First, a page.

Historic Drop in Cancer Deaths

First Reported Decline in Seven Decades

Medically Reviewed by Louise Chang, MD on February 08, 2006
From the WebMD Archives

Feb. 9, 2006 - For the first time since the 1930s, cancer deaths in the U.S. are declining, thanks to better early detection, better treatments, and the fact that far fewer Americans are smoking.

Total recorded cancer deaths dropped by just 369 between 2002 and 2003, but experts say the slight decline represents an important milestone in the battle against malignant disease.

The American Cancer Society (ACS) is projecting further small declines in cancer deaths in 2006, compared with 2005 estimates.

"The drop in the actual number of cancer deaths in 2003 and in our own projections for 2006 mark a remarkable turn in our decades-long fight to eliminate cancer as a major threat," says ACS Chief Executive Officer John R. Seffrin, PhD.

Drop Should Continue

The rate of cancer deaths in the U.S., adjusted for population age and growth, has been declining since the early 1990s.

But because the U.S. population is both aging and growing in number, actual deaths from cancer continued to increase over the next decade.

For the first time in 2003, the decline in deaths was large enough to outpace the growth and aging of the population and reduce the actual number of cancer deaths, according to Michael J. Thun, head of epidemiologic research for ACS.

There were 557,271 cancer deaths in the U.S. in 2002 and 556,902 cancer deaths in 2003 -- the last year for which actual death figures are available.

According to the newly released projections for 2006, there will be just under 1.4 million new cancers diagnosed this year and 564,830 deaths.

"These are small numbers, so there may be some variation from year to year," Thun says. "But over the next five years or so I believe [the decline] will become a steady trend."

Declining Tobacco Use

Thun tells WebMD that the single biggest factor in the drop in cancer deaths is the decline in Americans who use tobacco products. The figures speak for themselves:

  • 30% of all cancer deaths are related to smoking.

  • There are roughly 45 million smokers in the U.S.

  • The percentage of men who smoke has dropped from 42% in 1965 to 22% in 2003. Roughly one out of five women and teens now smoke, but smoking is on the decline in these populations as well.

Per capita cigarette consumption in the U.S. is at its lowest level since World War II, Thun says. As a result, fewer men are being diagnosed with lung cancer and fewer are dying from the disease. And recent increases in the number of lung cancers and lung cancer deaths among women are beginning to level off.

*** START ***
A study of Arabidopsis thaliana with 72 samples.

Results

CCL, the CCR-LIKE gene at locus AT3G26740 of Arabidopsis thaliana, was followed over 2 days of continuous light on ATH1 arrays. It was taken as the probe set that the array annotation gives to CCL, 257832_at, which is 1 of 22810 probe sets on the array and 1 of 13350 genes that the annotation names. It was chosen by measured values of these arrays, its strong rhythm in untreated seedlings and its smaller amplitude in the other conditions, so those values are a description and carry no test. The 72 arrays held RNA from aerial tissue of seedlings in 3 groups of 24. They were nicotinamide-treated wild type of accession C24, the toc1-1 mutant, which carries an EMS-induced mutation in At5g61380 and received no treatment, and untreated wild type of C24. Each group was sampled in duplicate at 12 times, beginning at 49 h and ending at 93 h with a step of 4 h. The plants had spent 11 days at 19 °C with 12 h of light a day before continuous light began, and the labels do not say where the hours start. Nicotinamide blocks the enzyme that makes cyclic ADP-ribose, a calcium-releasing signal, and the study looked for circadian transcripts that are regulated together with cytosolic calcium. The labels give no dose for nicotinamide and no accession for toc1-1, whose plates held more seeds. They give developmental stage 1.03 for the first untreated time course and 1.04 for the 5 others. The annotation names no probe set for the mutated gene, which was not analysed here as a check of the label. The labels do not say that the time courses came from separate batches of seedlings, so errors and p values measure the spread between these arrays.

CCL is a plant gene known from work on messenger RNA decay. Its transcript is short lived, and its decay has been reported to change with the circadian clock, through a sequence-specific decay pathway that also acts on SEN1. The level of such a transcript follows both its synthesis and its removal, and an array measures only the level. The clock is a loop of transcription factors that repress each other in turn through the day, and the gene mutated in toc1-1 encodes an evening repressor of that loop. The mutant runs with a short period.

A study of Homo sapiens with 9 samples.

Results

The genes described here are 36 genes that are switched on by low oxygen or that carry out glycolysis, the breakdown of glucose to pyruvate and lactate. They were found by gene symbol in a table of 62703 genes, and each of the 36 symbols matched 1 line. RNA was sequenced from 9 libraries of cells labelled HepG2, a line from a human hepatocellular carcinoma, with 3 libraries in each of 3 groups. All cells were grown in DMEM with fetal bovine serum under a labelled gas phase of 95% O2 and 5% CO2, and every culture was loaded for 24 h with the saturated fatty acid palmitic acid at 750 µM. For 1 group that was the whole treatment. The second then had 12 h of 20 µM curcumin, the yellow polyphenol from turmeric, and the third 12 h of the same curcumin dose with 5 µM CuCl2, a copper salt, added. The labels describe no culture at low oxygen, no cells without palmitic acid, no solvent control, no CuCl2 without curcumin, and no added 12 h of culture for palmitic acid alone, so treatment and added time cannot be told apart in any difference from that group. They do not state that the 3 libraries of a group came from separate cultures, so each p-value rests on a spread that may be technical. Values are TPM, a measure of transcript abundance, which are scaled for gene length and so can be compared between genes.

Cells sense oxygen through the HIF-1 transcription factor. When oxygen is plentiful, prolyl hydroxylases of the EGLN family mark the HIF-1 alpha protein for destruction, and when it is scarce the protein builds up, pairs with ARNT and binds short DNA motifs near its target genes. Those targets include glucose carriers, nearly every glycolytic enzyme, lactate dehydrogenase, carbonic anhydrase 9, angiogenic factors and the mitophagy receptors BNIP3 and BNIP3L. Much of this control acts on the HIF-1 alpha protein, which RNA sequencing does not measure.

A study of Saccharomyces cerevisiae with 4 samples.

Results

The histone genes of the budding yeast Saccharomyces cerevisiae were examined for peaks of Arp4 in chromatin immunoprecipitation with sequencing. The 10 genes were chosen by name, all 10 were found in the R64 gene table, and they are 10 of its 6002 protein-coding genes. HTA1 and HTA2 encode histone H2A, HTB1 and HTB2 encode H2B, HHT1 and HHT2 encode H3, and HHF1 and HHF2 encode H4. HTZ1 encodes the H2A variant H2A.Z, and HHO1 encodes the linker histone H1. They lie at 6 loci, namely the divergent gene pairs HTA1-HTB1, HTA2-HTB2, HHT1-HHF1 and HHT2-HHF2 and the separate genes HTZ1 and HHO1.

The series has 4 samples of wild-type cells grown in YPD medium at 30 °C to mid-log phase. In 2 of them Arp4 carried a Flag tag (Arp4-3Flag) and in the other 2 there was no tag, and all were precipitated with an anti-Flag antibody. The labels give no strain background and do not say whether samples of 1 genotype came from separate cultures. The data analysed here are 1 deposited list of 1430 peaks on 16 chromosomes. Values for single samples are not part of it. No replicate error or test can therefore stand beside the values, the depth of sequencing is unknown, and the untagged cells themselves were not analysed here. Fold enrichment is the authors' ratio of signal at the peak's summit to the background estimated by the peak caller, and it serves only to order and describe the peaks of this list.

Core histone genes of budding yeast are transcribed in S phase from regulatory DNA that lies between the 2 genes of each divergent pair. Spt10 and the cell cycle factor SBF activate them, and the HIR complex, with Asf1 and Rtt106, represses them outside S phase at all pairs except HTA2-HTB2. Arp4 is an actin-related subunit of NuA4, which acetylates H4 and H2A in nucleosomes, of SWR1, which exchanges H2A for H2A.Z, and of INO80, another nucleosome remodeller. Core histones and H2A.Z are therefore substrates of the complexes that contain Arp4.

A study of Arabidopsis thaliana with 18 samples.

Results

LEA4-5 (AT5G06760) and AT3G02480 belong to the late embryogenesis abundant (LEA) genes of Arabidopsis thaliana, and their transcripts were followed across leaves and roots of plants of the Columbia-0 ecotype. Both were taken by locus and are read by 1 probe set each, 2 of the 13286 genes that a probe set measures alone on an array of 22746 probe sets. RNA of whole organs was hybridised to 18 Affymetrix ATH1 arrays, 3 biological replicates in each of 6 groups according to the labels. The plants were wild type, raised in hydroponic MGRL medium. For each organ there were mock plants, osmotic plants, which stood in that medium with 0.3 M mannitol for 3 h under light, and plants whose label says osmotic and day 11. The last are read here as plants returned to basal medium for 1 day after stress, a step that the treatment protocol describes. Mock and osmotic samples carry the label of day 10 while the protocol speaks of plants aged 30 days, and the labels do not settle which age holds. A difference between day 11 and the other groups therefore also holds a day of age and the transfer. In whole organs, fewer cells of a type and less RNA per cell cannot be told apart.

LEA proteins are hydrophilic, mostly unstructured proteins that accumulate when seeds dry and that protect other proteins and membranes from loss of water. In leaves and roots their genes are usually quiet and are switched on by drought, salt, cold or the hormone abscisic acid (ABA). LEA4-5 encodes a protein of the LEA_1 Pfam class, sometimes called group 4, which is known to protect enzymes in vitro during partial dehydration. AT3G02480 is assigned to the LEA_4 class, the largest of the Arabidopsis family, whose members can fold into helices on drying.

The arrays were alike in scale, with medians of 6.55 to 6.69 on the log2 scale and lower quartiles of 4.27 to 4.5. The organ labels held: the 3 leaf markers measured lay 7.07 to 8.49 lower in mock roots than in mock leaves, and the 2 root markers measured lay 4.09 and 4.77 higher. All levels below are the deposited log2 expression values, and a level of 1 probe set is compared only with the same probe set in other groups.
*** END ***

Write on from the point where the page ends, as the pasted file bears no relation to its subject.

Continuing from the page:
Lung cancer remains the leading cause of cancer deaths in the U.S., however, with an estimated 174,470 new cases and 162,460 deaths expected in 2006.

Breast Cancer

Breast cancer remains one of the most common cancers among women, with an estimated 212,920 new cases and just under 41,000 deaths expected in 2006.

But Thun says a decade-long decline in breast cancer deaths continues, due in equal parts to better early detection and advances in treatment.

If breast cancers are diagnosed at a localized stage (when it has not spread beyond the breast) the five-year survival is 98%. This is an increase from 80% in the 1950s.

Racial Divide

The survival gap between white and black women remains. Figures suggest that black women have a 30% higher death rate from breast cancer than white women.

Among men, death rates from prostate cancer have been declining since the early 1990s, although black men are still more than twice as likely to die from the disease as white men.

In general, blacks are more likely to develop cancer and die from it than any other racial or ethnic population. Cancer death rates are 40% higher among black men than white men, and 18% higher among black women than white women.

The newly released ACS report shows that poverty is a critical component in cancer survival, which influences risk for developing the disease and the quality of treatment.

Only 8% of whites in the U.S. live below the poverty line, compared with 24% of blacks and 22% of Hispanics.

Thun says closing the gap in access to cancer prevention, screening, and treatment would have a major impact on cancer survival.

"[Survival] rates are substantially worse in poor people and people without health insurance," he says. "Economic barriers impact outcomes all along the continuum of health care, from prevention to treatment."